Born illegally, daughter thanks parents for being pro-life

by Kelly Ledbetter, |
Guan Junze (C) and his grandparents take their souvenir picture in front of the Tiananmen Gate in Beijing November 2, 2015. China must continue to enforce its one-child policy until new rules allowing all couples to have two children go into effect, the top family planning body said. The ruling Communist Party said last week that Beijing would loosen its decades-old one-child policy. The plan for the change must be approved by the rubber-stamp parliament during its annual session in March. | REUTERS/Kim Kyung-Hoon

DALLAS (Christian Examiner) – Lisa Smiley's parents had six children—five daughters and one son—the three youngest of whom were born illegally during the time China enforced its one-child policy. Without her parents' pro-life beliefs, Lisa would never have been born.

"If [my parents] had believed differently, following society's views on girls and obeying unjust laws, my sisters and I would not be alive today."

"Despite what the government and society were preaching, my parents and extended family had very strong family values, loved children and didn't want to abort any of us," Smiley writes in a blog post on Bound4Life, a group dedicated to ending abortion through prayer and silent protest.

Since the one-child policy was implemented, Chinese medical professionals performed more than 330 million abortions, 196 million sterilizations, and placed 403 million intrauterine devices, according to national data from 2013 reported in the Financial Times.


"We are fortunate in America today that no mother has to break the law to choose life," Smiley said. "But I grieve for the country of China, my motherland. Over 300 million lives lost, each with a personal story of tragedy... and to think my sisters and I could have been counted among that statistic."

The Chinese population nears 1.4 billion and represents almost 20 percent of the global population, and it might have been up to 30 percent higher without the family planning policy, the Times points out.

The reported number of abortions is likely extremely low because women desperate to avoid punishment did not report pregnancies or abortions.

"My mom has shared stories about what they had to do in order to keep us safe from the government," Smiley said. "When she became pregnant with each of the youngest three girls, she would have to go into hiding for months."

The members of the family could not risk being at home at the same time. Smiley's parents used a network of extended family for childcare, and her mother would travel away from the family for months to deliver the youngest child in secret. "Government officials would come looking for women like her who violated the law," Smiley said.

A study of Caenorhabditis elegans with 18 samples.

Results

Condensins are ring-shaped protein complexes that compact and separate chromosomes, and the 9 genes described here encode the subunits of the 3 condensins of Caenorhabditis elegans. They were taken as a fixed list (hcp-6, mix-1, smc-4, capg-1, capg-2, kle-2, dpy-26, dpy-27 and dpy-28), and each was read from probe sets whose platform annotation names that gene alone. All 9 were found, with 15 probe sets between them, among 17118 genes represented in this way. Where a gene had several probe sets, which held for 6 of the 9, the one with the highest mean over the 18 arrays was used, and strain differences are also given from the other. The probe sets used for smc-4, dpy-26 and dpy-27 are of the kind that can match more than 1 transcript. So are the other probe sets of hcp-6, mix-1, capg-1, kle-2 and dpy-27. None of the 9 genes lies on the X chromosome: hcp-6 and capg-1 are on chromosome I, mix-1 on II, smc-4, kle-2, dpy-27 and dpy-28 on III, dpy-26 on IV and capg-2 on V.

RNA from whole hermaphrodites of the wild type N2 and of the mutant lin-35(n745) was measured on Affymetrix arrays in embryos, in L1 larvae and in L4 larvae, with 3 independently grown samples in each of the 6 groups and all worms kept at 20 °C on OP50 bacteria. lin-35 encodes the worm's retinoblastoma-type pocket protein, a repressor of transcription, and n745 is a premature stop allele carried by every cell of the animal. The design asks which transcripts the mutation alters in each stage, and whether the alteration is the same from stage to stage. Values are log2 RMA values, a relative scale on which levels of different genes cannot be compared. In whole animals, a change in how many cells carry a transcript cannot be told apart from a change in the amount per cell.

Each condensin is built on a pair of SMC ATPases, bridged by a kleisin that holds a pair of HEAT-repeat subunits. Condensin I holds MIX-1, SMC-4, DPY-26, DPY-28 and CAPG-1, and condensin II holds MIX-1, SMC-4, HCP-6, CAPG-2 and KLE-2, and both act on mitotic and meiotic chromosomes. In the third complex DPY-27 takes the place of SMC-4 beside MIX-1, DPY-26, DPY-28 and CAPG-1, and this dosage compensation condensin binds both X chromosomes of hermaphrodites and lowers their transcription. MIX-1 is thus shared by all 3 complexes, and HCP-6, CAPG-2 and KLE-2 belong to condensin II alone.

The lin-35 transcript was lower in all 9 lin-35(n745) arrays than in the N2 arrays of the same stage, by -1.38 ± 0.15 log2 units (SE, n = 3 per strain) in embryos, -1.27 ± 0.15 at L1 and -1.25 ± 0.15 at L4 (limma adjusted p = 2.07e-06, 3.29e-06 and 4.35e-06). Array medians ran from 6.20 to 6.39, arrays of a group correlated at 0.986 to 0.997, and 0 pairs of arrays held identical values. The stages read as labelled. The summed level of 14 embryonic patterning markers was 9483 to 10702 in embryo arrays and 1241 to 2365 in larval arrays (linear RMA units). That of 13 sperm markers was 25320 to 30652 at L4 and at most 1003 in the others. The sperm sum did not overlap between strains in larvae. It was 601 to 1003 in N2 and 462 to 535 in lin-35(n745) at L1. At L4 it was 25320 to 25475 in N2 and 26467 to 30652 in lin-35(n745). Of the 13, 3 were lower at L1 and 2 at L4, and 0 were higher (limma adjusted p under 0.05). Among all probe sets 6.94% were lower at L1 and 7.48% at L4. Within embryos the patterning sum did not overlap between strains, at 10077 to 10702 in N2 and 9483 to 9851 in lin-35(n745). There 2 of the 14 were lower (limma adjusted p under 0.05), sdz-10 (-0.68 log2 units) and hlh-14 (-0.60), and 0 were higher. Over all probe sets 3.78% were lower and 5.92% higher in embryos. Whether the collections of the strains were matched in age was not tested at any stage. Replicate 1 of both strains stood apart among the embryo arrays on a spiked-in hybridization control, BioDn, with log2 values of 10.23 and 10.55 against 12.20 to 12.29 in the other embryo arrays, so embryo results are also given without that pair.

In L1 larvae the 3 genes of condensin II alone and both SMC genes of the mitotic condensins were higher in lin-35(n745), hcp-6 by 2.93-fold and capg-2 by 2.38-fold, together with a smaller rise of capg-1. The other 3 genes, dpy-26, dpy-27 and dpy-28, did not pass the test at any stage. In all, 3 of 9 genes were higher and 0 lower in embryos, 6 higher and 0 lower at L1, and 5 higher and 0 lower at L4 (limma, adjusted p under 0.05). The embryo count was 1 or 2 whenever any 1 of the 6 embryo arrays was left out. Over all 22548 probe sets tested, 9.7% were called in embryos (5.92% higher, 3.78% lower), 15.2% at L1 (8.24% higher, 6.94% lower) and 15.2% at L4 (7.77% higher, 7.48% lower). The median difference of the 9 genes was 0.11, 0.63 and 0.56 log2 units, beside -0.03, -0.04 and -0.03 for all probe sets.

China recently updated its one-child policy to allow for two children in a decision that Olivia Enos at the Daily Signal says is "neither a fundamental policy shift nor a long-term solution to China's economic dilemma."


"We were not just illegal; we were also socially unaccepted," Smiley said, referring to the stigma against daughters in favor of sons.

This damaging traditional preference for male children has led to a 30 million-person difference between China's male and female population, a nearly four percent gap, according to CNN.

Smiley's eldest sister "heard people condemning our family, saying, What bad luck to have so many girls! That family will surely have no future." Smiley says government officials questioned her sister at school about the location of her parents and family members.

China's "coercive family planning" in the form of the two-child policy "continues the government's practice of meddling in personal family decisions," Enos said. "Moreover, it is unlikely to overcome the demographic challenges it seeks to remedy."

The sex-ratio gap that resulted from the one-child policy will likely be exacerbated by increased economic inequality in the country, CNN reported.


In order to protect their six children, Smiley's parents bribed officials. "As poor farmers who grew their own food, my parents didn't have to rely on the government for their livelihood," Smiley said. "Yet they did make just enough to pay a small sum to a few government workers, who treated our family kindly and didn't report us to the higher officials."

"If we had stayed in China, I don't know what would have happened to us," Smiley said. Her family moved to New Zealand when she was four years old in order to escape the oppressive official and cultural attitudes toward large families.

Without people like Smiley's parents who risked their safety and wellbeing to protect their children. "If they had believed differently, following society's views on girls and obeying unjust laws, my sisters and I would not be alive today."

A mother herself now, Smiley advocates for pro-life decisions. "Children are a blessing and every life has value. I am so fortunate that my parents believed this to be true."